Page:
Scotch Whisky

Scotch Whisky is one of those drinks that can be an experience. However, given its broad range in brands and quality Scotch can also be an overwhelming choice. Not to speak of the Scotch purists who have elevated drinking Scotch Whisky to an art form and enjoy making novices feel small. It’s time to take your place at the table and find your signature Scotch. Having one will immediately step up your game. Plus, a good Scotch, aged to perfection, is simply delicious.

 

Scotch Whisky Must be Scottish
Only whisky born in Scotland can be called such. Scotch whisky is a legal term used to protect whisky made in Scotland. By law Scotch Whisky has to be distilled and matured in oak barrels in Scotland for a minimum of three years.  Scotch whisky label comprises several elements that indicate aspects of production, age, bottling, and ownership.

The spelling Whisky is not an error. Whiskey with an “e” is a broad category of liquors distilled from fermented grain mash. However, if the whisky comes from Scotland or Canada it is spelled whisky without the “e”.

 

Types of Whisky
There are five types in which whiskies are generally distinguished.

  • Single Malt is widely considered the gold standard of Scotch and must be distilled at a single distillery, from only water and malted barley, without any other cereal grains added.
  • Single Grain is also distilled at a single distillery, but may have other whole malted or un-malted grains or cereals.
  • Blended Whisky is a blend between one or more single grain and one or more single malt scotch whiskies.
  • Blended Scotch whisky constitutes about 90 percent of the whisky produced in Scotland
  • Blended Malt has more than one single malt from more than one distillery blended together.
  • Blended Grain is made from more than one single grain scotch whisky, produced at more than one distillery.

 

Better with Age
Whisky is aged in wooden barrels and the aging process enhances the flavor experience. Scotch Whisky can only claim the name if aged a minimum of three years in Scotland. Some distilleries may sell products younger than three years old, but they have to be called spirit.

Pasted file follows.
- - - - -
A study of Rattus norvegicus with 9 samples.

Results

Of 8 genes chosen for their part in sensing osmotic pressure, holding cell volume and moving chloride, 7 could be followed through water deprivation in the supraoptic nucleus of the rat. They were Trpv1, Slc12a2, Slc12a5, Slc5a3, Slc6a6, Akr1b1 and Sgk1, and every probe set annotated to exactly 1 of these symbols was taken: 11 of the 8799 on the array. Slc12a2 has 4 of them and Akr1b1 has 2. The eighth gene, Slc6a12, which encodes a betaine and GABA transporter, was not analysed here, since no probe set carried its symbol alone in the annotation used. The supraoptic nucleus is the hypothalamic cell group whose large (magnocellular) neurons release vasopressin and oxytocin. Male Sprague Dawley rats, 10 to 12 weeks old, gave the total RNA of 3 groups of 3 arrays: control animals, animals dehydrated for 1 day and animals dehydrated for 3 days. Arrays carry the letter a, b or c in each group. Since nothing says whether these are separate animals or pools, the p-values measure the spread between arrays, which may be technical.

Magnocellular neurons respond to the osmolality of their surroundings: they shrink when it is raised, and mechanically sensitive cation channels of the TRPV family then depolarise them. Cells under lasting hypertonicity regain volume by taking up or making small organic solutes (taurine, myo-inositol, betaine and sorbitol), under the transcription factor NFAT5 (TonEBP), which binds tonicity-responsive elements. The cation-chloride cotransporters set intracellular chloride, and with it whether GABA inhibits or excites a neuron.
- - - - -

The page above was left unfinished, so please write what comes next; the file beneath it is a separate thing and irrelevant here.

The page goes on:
Most single malt whiskies are bottled at ages from 10 to 21 years. Some rare whiskies are aged 50 plus years.

 

Whisky Regions
The water, the earth, the techniques. Just as with wine, Scotch whisky flavors are distinguished by regions including Lowlands, Highlands, Speyside, Campbeltown and Islay.

Each region has its distinct characteristics, but flavors vary from distillery to distillery. Try different whiskies from the various regions to find your favorites. Have your bartender take you on a tour of Scotland.

 

How to Drink Scotch Whisky
It’s all about enjoying yourself. So truly there are no rules. However, some Scotch purists would disagree. So here are a few points in Scotch Whisky etiquette. Scotch should be served in a tulip-shaped glass or a rocks glass to allow the liquor to breath.

Scotch is known for its aromas. Before you take a drink, you’ll want to nose the whisky. Then take a sip, and chew the whisky around your mouth. Keep it in your mouth for a few seconds, then swallow. This allows the flavors and aromas to hit all your taste buds for the full experience.

Some recommend drinking Scotch ‘neat’ – without water or ice. Others say you want to add a few drops of water to help reveal the flavors. Some prefer to drink their Scotch “on the rocks.” You should also know that most fans of whisky frown upon using Scotch Whisky in cocktails, and swear on only drinking Scotch unadulterated.

 

At Scotch ‘n Sirloin, we are known for our delectable steaks. And some say that nothing pairs better with steak than Scotch Whisky. Enjoy one with dinner, or enjoy a drink with friends at our lounge. Don’t forget about Happy Hour at our lounge, Monday-Friday from 4-7 p.m. and all night on Mondays!